The Commander is Jeep's first seven-passenger SUV, and it is built on the same architecture introduced on the redesigned '05 Grand Cherokee, which won our SUV of the Year award last year. Like the Tribeca, the Commander's love-it-or-leave-it styling will either inspire or alienate onlookers. If you don't like archetypal utilitarianism, then you won't like this. But if you appreciate the brand's go-anywhere cachet, then the Commander's design cues will read like a family album.

Attempting such a boxy appearance is not for the faint of heart, but the Jeep pulled it off and garnered second and third glances from passersby during our testing. The fender flares attached with chrome Allen, button-style bolts lend a tidy aggressiveness, and the insides of the headlights have a matching setup. Legacy styling abounds on the Commander, which borrows from the Grand and the Cherokee, among other models. The grille, of course, is all Jeep. Not everyone appreciated the rear, however, with its Land Rover-esque lines and the Limited's chromed grab handles.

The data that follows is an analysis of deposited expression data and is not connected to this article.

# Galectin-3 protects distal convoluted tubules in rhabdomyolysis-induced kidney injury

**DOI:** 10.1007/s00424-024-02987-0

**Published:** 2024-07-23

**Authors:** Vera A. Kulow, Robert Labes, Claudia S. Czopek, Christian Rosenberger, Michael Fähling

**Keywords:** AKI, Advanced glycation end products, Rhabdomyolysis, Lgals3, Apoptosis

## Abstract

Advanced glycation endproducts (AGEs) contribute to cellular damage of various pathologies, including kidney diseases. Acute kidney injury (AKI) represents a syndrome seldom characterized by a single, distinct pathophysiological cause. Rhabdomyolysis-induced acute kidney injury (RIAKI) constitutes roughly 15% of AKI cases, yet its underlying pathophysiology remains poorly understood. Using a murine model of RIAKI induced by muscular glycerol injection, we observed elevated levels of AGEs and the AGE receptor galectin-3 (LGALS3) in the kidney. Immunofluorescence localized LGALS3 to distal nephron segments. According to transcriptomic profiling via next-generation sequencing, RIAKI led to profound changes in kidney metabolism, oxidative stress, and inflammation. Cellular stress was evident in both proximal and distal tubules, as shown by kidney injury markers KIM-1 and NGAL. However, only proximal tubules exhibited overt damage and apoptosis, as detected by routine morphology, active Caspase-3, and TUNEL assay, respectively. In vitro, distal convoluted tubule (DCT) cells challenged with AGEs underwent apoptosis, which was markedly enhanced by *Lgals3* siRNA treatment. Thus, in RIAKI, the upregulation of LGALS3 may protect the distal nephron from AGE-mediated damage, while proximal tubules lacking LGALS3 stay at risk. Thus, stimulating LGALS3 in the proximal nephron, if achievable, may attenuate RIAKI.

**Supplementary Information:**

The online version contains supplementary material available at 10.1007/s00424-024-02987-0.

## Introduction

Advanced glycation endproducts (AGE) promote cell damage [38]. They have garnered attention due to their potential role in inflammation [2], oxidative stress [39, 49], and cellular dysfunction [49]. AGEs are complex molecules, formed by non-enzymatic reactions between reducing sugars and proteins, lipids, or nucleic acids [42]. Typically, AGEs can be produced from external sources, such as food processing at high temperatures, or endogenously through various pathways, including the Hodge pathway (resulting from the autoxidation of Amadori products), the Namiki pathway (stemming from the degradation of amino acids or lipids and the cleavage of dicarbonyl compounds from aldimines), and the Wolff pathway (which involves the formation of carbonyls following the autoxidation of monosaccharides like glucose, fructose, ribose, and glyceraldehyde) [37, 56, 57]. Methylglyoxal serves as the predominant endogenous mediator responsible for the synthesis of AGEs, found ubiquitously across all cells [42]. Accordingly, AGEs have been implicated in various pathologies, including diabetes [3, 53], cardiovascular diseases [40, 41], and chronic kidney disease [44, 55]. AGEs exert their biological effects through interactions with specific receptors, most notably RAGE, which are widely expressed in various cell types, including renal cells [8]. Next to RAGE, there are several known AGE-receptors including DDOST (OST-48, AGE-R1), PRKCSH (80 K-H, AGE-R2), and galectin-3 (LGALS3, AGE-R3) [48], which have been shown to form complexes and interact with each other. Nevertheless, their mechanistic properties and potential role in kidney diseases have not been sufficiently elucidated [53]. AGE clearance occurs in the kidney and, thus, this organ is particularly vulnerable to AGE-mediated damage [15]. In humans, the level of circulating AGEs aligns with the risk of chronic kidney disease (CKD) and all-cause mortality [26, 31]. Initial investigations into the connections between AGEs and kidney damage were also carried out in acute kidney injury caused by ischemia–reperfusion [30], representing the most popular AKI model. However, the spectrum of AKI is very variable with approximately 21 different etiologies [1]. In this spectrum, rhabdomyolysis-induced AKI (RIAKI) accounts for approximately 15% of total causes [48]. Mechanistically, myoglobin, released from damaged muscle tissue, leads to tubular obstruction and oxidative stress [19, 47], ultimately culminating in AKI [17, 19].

Inside, the Commander enjoys a nice layout, although it does appear to be balancing three different aesthetics. Use of Allen bolts on the dash brought the exterior Jeepiness to the dash. The seats are the best of the bunch, both visually and ergonomically. While the second and certainly the third row seats are minimally spaced, their stadium-style arrangement and the overhead skylights at least make passengers feel like they haven't been banished to rear-seat oblivion. Flip down the seats, and the Jeep offers plenty of cargo space. And with an AM/FM/MP3/six-disc CD, satellite radio, navigation, and rear-seat DVD the Commander features a full mobile electronics package.

Flipping down the sun visors or raising the third-row seats compromised visibility through the windshield and rear glass, respectively. Grab handles on the A-pillars are too far forward to be comfortably used and were needed during our off-road testing.

Around town, the Commander made excellent use of its 5.7L V-8 Hemi with 330 hp. It drove nimbly, had a great turning radius, and wove through freeway traffic with ease. Its suspension and steering response leans slightly more toward off-road performance than the Grand, therefore body roll and cornering are noticeably, but not detrimentally, looser. Off-road, the Quadra-Drive II turns mountains into mole hill, although wheelers may not appreciate its comparatively low ground clearance.